Azure Functions – Tips


Azure Functions lack some of the features that the other Web Apps support.  For example, a Visual Studio project template is not available yet.  The following are some tips for getting started with Azure Functions that have helped me.

To illustrate, I am going to build upon a simple web service.  Take a look at Introducing Azure Functions to get started.  This post starts after a simple function has been created based on the HttpTrigger template:


A Rest client like the Firefox plug-in RESTClient can be used to test the function by POSTing to the given url and including a Content-Type of application/json:


The Server Explorer in VS is a great way to gain insight into the function.  Illustrated below shows the basic layout of the function.  Notice how each function is contained in a separate folder:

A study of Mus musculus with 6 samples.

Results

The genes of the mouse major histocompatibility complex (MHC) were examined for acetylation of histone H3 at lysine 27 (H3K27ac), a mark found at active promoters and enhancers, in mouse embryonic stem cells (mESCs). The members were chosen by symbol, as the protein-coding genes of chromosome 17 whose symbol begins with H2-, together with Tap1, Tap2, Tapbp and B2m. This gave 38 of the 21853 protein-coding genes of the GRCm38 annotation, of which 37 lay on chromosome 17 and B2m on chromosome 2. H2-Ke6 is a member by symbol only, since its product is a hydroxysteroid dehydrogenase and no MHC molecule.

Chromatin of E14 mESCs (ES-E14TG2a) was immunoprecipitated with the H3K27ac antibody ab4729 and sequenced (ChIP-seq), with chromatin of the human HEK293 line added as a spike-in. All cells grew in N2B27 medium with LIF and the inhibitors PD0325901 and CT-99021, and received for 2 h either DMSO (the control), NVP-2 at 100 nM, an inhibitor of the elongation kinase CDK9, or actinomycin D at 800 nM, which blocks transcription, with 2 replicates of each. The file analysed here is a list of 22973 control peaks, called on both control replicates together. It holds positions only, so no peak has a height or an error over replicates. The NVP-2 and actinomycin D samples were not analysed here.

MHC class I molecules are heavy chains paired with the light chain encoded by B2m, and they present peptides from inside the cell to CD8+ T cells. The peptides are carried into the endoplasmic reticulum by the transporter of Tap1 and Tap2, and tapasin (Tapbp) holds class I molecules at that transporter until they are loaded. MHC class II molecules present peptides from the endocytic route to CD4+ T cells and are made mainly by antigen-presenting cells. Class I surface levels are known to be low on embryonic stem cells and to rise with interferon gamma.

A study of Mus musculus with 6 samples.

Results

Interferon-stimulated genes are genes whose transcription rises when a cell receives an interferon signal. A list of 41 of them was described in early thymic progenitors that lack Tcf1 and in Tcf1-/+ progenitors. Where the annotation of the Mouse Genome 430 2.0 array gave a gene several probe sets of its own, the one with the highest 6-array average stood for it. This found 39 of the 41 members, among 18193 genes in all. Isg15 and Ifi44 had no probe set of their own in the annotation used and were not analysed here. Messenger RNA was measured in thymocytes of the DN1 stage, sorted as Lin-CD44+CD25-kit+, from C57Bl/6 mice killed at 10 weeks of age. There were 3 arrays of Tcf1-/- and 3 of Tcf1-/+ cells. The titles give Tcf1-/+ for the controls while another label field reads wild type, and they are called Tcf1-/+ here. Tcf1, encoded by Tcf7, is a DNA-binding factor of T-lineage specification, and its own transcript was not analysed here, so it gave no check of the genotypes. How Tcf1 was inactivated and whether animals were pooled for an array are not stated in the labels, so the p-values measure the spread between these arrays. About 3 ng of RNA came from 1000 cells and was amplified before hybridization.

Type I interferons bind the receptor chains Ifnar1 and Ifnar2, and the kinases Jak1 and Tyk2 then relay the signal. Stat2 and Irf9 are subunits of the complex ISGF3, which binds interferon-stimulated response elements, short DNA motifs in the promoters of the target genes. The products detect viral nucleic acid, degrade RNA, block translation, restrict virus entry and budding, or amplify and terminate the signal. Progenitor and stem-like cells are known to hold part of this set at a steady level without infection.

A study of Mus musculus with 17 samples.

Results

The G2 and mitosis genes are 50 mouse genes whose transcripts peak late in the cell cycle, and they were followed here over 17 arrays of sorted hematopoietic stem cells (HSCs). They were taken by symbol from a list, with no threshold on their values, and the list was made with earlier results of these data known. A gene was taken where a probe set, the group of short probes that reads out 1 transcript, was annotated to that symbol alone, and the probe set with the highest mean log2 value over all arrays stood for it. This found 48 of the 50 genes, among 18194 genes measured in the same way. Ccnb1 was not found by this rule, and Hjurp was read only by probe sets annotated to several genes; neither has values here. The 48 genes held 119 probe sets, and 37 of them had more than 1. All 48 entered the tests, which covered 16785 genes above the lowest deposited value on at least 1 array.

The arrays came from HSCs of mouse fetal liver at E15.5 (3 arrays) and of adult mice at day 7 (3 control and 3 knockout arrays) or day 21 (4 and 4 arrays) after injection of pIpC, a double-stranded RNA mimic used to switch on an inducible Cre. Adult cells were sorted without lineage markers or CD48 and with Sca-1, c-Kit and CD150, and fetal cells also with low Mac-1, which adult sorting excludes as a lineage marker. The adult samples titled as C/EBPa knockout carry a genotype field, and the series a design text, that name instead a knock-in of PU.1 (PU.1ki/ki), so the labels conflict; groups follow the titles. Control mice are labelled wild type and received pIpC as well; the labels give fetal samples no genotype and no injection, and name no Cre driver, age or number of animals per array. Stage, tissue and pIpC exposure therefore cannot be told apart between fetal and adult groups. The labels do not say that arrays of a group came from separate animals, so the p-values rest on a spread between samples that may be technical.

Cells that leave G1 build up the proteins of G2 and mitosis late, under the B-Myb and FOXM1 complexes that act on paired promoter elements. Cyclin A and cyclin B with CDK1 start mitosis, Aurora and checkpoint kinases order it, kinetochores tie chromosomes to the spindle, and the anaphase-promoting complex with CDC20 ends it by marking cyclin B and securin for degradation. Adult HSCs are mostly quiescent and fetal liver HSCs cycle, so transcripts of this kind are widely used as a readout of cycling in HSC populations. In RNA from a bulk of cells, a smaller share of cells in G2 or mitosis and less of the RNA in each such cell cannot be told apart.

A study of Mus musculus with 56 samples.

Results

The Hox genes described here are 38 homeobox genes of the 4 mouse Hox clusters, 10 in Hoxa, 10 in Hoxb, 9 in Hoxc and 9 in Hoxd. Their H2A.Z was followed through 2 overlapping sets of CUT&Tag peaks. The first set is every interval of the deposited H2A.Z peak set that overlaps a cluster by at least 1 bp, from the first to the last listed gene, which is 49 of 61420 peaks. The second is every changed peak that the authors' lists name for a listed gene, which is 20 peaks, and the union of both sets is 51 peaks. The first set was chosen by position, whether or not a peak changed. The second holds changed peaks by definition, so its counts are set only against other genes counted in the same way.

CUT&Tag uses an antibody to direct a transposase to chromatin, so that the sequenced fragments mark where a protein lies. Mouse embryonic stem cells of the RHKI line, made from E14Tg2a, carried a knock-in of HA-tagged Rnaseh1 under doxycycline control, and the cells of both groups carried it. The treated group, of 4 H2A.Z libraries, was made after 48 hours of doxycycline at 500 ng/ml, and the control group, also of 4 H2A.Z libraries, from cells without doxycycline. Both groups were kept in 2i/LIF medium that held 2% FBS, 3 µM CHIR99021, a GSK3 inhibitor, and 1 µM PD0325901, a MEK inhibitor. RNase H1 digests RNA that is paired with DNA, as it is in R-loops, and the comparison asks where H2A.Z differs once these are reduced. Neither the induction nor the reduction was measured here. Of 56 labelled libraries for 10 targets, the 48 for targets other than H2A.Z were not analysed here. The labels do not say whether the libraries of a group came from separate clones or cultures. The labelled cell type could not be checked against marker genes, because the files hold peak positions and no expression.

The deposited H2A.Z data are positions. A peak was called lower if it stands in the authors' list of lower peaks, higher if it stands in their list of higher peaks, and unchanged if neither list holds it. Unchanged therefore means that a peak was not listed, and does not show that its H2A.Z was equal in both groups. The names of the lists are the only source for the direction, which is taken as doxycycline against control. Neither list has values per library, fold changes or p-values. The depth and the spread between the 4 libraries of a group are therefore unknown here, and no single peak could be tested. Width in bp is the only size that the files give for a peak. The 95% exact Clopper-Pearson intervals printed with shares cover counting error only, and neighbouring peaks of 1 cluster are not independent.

A convenient way to access the content of the function is to use FTP.  Here are the steps to set this up on the application.  First go to the functions App Service Settings:





Let’s say we want to modify the function to have a configurable message.  First I will create an app setting with our custom message:




Accessing external packages:

One last tip is accessing external packages.  First create a project.json file in the function’s folder using the ftp client.  The location is illustrated below:


{ “frameworks”: { “net46”:{ “dependencies”: { } } } }

A great feature of VS and Azure integration is the editor provides guidance is selecting the package and version.  For example, if the latest newtonsoft package is being entered:


These are some tips on getting familiar with Azure Functions.  Hope this is helpful!

Comments (1)

  1. Great expansion on Nir’s article!